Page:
The Washington PostDemocracy Dies in Darkness

On gun research, what we don’t know is literally killing us

An employee of North Raleigh Guns demonstrates how a “bump stock” works at the Raleigh, N.C., shop. (2013 photo by Allen Breed/Associated Press)

In 1996, the Centers for Disease Control and Prevention ceased funding gun violence research as a result of the National Rifle Association-backed Dickey Amendment, which prohibits the agency from using federal funds in ways that could be construed to “advocate or promote gun control.”

The chilling effects of that amendment, which has been reauthorized by Congress every year since then, are laid bare in a pair of charts published earlier this year by the Journal of the American Medical Association. For starters, here's a look at the mortality rate for the top 30 causes of death in the United States vs. the amount of federal dollars available to do research into those causes.

Gun violence stands out because it has a relatively high mortality rate, coupled with rock-bottom federal funding compared with other, equally deadly conditions such as sepsis, liver disease and motor vehicle accidents.

“Gun violence killed about as many individuals as sepsis,” authors David Stark and Nigam Shah note. “However, funding for gun violence research was about 0.7 percent of that for sepsis.” Not 70 percent, not 7 percent — 0.7 percent.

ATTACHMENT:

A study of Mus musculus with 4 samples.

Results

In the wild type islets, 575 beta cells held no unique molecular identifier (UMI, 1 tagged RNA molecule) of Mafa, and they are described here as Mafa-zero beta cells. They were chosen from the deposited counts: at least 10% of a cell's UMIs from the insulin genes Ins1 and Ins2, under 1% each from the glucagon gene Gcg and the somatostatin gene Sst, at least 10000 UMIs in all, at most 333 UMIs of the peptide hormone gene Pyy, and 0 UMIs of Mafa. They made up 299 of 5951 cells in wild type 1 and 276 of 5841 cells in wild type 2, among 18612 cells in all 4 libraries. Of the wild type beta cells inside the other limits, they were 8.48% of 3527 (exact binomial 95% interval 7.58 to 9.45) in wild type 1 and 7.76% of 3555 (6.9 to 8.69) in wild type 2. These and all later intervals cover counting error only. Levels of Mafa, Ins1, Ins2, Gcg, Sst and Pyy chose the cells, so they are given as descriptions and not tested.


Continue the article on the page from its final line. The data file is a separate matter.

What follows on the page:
That lack of funding translates directly into less research being done on how to prevent or mitigate gun violence. Here's Stark and Shah's second chart, showing the volume of papers published for each of the 30 causes of death.

Again, gun violence stands well apart from most of the others. As noted above, gun violence kills about as many people each year as liver disease. Between 2004 and 2015, there were more than 100,000 papers published on the latter topic and just over 1,000 published on the former.

“In relation to mortality rates, gun violence research was the least-researched cause of death and the second-least funded cause of death after falls,” Stark and Shah write.

This represents a huge blind spot from a policy standpoint. You can't reduce gun injuries and deaths if you don't know which policy changes will make a difference. While some research has nonetheless proceeded over the past 20 years, our knowledge of the issue is woefully incomplete relative to what it could have been had Congress allowed federal gun research to continue unimpeded.

It's no coincidence Congress has done little on guns in the past 20 years, even as the gun policy landscape, from technical advancements to the rise of mass shootings, has evolved rapidly over the same time period.